As revenge for my movie assignments, another movie came my way. This time, it was Moulin Rouge!, and no, that exclamation point is not because I’m excited about this review. It’s to make sure this movie from 2001 is differentiated from the 1952 and 1938 movies of the same name (without the exclamation point) and I’d rather not disparage a movie I’ve not seen.
Hold on tight, I have words to say about this one.
I want to put it right up front, this movie was not for me. There were many elements of this movie that could have worked, but, like a board game with too many pieces, it was far less than the sum of its parts. I’m going to go through each of those parts that I might have liked, and show how the whole failed to support them, starting with…
As a big fan of 80s music, this movie had a chance to just let me sit back and enjoy it. Everything else aside, I could easily sit and listen to 80s music for two hours and be entertained. So what’s wrong here? There was not a single 80s song in this movie.
Instead, there were pieces of 80s songs that had been sampled, remixed, and rewritten to make them sound more modern. To understand just how discordant this was to me, I’ve supplied a few examples:
- We know you like the Star Wars movies, so we made a Christmas movie with wookies – that’s what you wanted, right? No…
- We know you like pumpkin pie, but we didn’t have sweetened condensed milk or pumpkin, so we made it without – half of pumpkin pie is better than no pumpkin pie, right? NO!
- We know you like board games, but they’re so anachronistic, so instead we want you to play the latest Modern Warfare, it’s what you wanted, but better, right? Nope!
There was one thing though – the movie started with David Bowie’s Nature Boy. The song’s haunting melody as the camera pans across a mostly-black-and-white 1900 Paris was enough to engage me in the film… …Unfortunately, that didn’t last.
Normally, 1900 France is not a draw for me, but, I wanted to be drawn into this. Then… …The rest of the music happened, and I was immediately pulled out of anything resembling the past. This was a case of my being willing to engage in the film, but the director seemingly forbidding such engagement. In this way, it reminds me of Chicago – I had a very similar experience seeing it in the theatre and I came away disliking that play in a similar way.
While the plot was generally standard faire (if a bit too standard), I was on board with it in a way. It’s the kind of thing that I do enjoy from time to time – a simple romance, complicated; an evil villain, tricked; and a plot by friends to keep the couple together. The addition of a disease that will eventually kill our female lead… …This part of the plot was so discordant from the tone of the film that it came across as gaudy. Even though I consciously know this was intentionally in opposition, emotionally it drained the pathos from all of the plot for me.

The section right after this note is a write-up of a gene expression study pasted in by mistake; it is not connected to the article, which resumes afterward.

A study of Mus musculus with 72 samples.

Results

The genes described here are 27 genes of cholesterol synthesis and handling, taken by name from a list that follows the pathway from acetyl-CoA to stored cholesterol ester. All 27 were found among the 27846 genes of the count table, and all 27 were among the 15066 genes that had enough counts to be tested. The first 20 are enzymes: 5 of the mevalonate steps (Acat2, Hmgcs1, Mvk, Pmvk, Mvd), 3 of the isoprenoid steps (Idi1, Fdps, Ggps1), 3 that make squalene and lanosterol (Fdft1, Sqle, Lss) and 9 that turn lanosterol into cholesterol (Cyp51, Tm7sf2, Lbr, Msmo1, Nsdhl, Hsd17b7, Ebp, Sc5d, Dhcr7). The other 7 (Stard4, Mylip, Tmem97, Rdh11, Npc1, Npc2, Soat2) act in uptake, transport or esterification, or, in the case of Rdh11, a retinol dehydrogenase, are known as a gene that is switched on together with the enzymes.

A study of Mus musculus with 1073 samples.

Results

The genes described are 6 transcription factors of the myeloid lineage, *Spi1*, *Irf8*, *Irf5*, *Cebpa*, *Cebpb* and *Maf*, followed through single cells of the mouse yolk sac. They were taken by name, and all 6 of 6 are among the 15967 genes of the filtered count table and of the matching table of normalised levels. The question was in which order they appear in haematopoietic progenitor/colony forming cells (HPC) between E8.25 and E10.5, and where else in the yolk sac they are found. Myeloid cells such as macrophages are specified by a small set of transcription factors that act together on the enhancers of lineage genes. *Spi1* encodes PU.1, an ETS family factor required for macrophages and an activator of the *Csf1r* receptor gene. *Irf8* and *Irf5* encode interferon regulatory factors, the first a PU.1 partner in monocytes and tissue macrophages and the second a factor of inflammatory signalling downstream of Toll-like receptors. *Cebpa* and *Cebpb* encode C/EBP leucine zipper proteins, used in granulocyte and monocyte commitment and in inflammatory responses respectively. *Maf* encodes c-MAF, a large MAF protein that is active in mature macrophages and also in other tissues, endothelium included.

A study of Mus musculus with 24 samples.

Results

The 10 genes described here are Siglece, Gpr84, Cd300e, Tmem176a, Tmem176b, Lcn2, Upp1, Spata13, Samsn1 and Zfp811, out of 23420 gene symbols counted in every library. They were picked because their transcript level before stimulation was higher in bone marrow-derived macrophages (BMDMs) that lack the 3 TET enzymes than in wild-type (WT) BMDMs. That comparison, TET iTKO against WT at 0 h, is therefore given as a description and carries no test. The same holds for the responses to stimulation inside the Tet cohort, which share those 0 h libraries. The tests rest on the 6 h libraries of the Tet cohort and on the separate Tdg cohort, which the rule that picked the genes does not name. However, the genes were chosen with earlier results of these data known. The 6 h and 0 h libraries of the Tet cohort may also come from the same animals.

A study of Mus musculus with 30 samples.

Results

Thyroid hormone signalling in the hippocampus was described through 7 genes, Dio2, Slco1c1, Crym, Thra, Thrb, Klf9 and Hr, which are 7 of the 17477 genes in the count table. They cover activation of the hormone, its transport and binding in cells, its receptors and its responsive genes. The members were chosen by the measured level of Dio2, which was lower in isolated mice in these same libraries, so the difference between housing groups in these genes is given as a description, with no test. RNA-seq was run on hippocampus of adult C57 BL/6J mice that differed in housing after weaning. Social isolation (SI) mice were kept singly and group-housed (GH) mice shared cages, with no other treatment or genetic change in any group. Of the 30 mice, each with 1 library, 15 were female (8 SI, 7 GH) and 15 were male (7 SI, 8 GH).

Instead of a budding romance, it seemed that our leads were merely living an infatuation. Instead of the friends plotting to keep the couple together, they just wanted their fifteen minutes of fame. Instead of an evil villain being tricked, he was just an idiot. And the disease… …The fact that no one told her that it would kill her, and instead let her die so pointlessly. Then, that the movie would not let this tragedy breathe, and instead smothered it with more over-the-top spectacle felt very wrong.
This, to me, was the biggest offense of this movie. This theme that “the greatest thing you’ll ever know is just to love and be loved in return.” was left unsupported by anything but the occasional explicit mention. Did the plot support it? Well, it may have, but that was undermined by the tone. Did the music support it? No, not really. Did the setting support it? I’m not even sure this movie took place in 1900 France. In that sense, I can’t even really say that this is a theme of this movie, so what was the theme of this mess?
To me, it was empty.
So, that’s what I have to say about Moulin Rouge! It’s a mess of a movie, that failed me on almost every element that I sought out. Sure, it wasn’t for me, but was it well executed? Maybe, but only in the short window for which it lived. The contrivances that the director used to make it seem modern, leave it lacking in vision, and ultimately flat after only 15 years.
For these reasons, I can only rate this movie one Airplane! themed handkerchief. There’s no reason to blow your nose on it because every time you may get emotional, just pulling it out jars your senses. The only tragedy here is that I may have enjoyed The Notebook more.